About Configuration Hub

A Historian system is a network of Historian servers that collect, store, and retrieve data related to tags, alarms, and events.

The Configuration Hub application allows you to manage the Historian systems and its components.

Advantages of Using Configuration Hub:
  • A single application that enables you to manage multiple Historian systems: You can create and manage Historian systems using Configuration Hub. In addition, you can manage collectors, data stores, and tags.
  • Horizontal scalability: You can increase the storage capacity of a Historian system by connecting multiple software entities so that they work as a single logical unit. This will improve the performance of the Historian system. The storage capacity depends on the number of Historian licenses that you have purchased.
  • High availability: You can create mirror locations in a Historian system to achieve high availability of the server. If one of the servers is not available, you can retrieve data from the remaining servers in the mirror location.
  • Ease of setting up: You can install all the collectors used in a Historian system easily by providing the required details with the help of the user-friendly interface.
Types of Historian Systems
  • Stand-Alone: In a stand-alone Historian system, there is only one Historian server. This type of system is suitable for a small-scale Historian setup.
  • Horizontally scalable: In a horizontally scalable Historian system, there are multiple Historian servers, all of which are connected to one another. This type of system is used to scale out the system horizontally. For example, if you have 5,00,000 tags in your Historian system, you can distribute them among the various servers to improve performance.
Components of a Historian System: In a Historian system, the following components are used. This list is not comprehensive. For a complete list, refer to System Components.
  • Servers: A server is a machine on which Historian is installed. It contains a location and one or more data stores. A stand-alone Historian system contains only one server, whereas a horizontally scalable one contains multiple servers.
  • Data stores: These are logical collections of tags used to store, organize, and manage tags according to your requirements. The primary use of data stores is segregating tags by data collection intervals. For example, you can put name plate or static tags (where the value rarely changes) in one data store, and put process tags in another data store. This can improve the query performance.
  • Locations: These are virtual entities in which data stores are created. They are used for storage. The following types of locations are used in a horizontally scalable Historian system:
    • Distributed location: This location is created automatically when you install a Historian mirror primary server, or when you install a Historian distributed/mirror node and add it to the primary server. You cannot modify or delete this location, or create another one.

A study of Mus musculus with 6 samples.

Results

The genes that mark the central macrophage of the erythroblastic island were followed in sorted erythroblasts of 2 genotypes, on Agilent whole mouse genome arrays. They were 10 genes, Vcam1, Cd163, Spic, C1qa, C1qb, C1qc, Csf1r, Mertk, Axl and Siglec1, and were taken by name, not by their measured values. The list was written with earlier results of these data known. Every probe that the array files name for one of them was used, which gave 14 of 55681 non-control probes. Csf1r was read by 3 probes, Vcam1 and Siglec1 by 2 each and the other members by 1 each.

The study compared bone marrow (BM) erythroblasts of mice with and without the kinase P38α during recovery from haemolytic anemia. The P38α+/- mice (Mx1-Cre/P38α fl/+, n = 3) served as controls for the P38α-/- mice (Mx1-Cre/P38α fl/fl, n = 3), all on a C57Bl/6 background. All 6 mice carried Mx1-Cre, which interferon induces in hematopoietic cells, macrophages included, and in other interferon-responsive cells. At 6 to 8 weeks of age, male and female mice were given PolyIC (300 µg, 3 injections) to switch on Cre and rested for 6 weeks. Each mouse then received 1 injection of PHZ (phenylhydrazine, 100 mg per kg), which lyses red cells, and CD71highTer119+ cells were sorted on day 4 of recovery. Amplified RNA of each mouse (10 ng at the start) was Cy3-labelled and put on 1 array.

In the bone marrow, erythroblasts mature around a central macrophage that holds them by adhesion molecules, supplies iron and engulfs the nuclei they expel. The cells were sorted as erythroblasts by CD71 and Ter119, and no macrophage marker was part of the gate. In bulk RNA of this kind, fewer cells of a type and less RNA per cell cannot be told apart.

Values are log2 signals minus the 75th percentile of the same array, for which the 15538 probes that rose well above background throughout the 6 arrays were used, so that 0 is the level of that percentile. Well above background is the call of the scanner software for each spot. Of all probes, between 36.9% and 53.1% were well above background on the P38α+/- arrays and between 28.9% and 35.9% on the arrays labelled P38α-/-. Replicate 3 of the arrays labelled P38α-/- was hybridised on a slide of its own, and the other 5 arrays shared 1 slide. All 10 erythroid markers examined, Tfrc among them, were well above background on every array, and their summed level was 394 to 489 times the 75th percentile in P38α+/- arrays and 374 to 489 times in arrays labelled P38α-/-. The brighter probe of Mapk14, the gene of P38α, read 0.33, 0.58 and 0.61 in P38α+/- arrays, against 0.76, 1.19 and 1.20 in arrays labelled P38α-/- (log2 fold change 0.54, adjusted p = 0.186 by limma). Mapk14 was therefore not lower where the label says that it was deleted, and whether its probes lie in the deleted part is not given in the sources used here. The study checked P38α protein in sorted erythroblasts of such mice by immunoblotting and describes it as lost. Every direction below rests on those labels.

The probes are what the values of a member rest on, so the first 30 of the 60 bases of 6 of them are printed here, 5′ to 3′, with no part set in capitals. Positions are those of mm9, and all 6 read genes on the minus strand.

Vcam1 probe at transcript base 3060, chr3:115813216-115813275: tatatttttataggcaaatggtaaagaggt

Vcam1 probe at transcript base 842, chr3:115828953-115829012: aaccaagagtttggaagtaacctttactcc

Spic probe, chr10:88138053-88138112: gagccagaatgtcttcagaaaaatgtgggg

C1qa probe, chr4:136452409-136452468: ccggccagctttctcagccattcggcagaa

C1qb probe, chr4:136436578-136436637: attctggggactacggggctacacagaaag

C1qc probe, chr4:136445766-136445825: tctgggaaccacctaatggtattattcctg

• Mirror location: This location is used to replicate data collected in a data store. When you create a mirror location, you add one or more servers to the group, and then create the data stores whose data you want to replicate. For example, suppose you want to create a data store for collecting the data for 100 tags, for which you want high availability. In that case, you must create a mirror location, add two or more servers to the mirror location, and then create the data store. When you do so, the data retrieved in the data store is stored in all the servers in the mirror location. If one of the servers is down, you can retrieve the data from the other servers in the group.
  • Tags: These are the parameters for which you want to store data (for example, temperature, pressure, torque).
  • Collectors: These are the applications that collect data from a data source, and send it to Historian or another destination such as Predix Time Series or an Azure IoT hub.
  • Data archiver: This is a service that indexes all the data by tag name and timestamp, and stores the result in an .iha file.
  • Clients: These are applications that retrieve data from the archive files using the Historian API.
  • If only one machine remains in a mirror location, you cannot remove it.
  • You cannot add comments, enable the debug mode, pause data collection, resume data collection, modify, or delete an instance of offline collectors. In addition, you cannot compress network messages. You can, however, add or delete the collector instance using the Collector Manager utility at a command prompt.
  • If you install Configuration Hub and the Web Admin console on the same machine, and use self-signed certificates for both of them, the login page for Configuration Hub does not appear. To prevent this issue, disable the domain security policies:
    1. Access the following URL: chrome://net-internals/#hsts
    2. In the Domain Security Policy section, in the Delete domain security policies field, enter the domain name for Configuration Hub, and then select Delete.
  • Configuration Hub is not supported in a clustered Historian environment.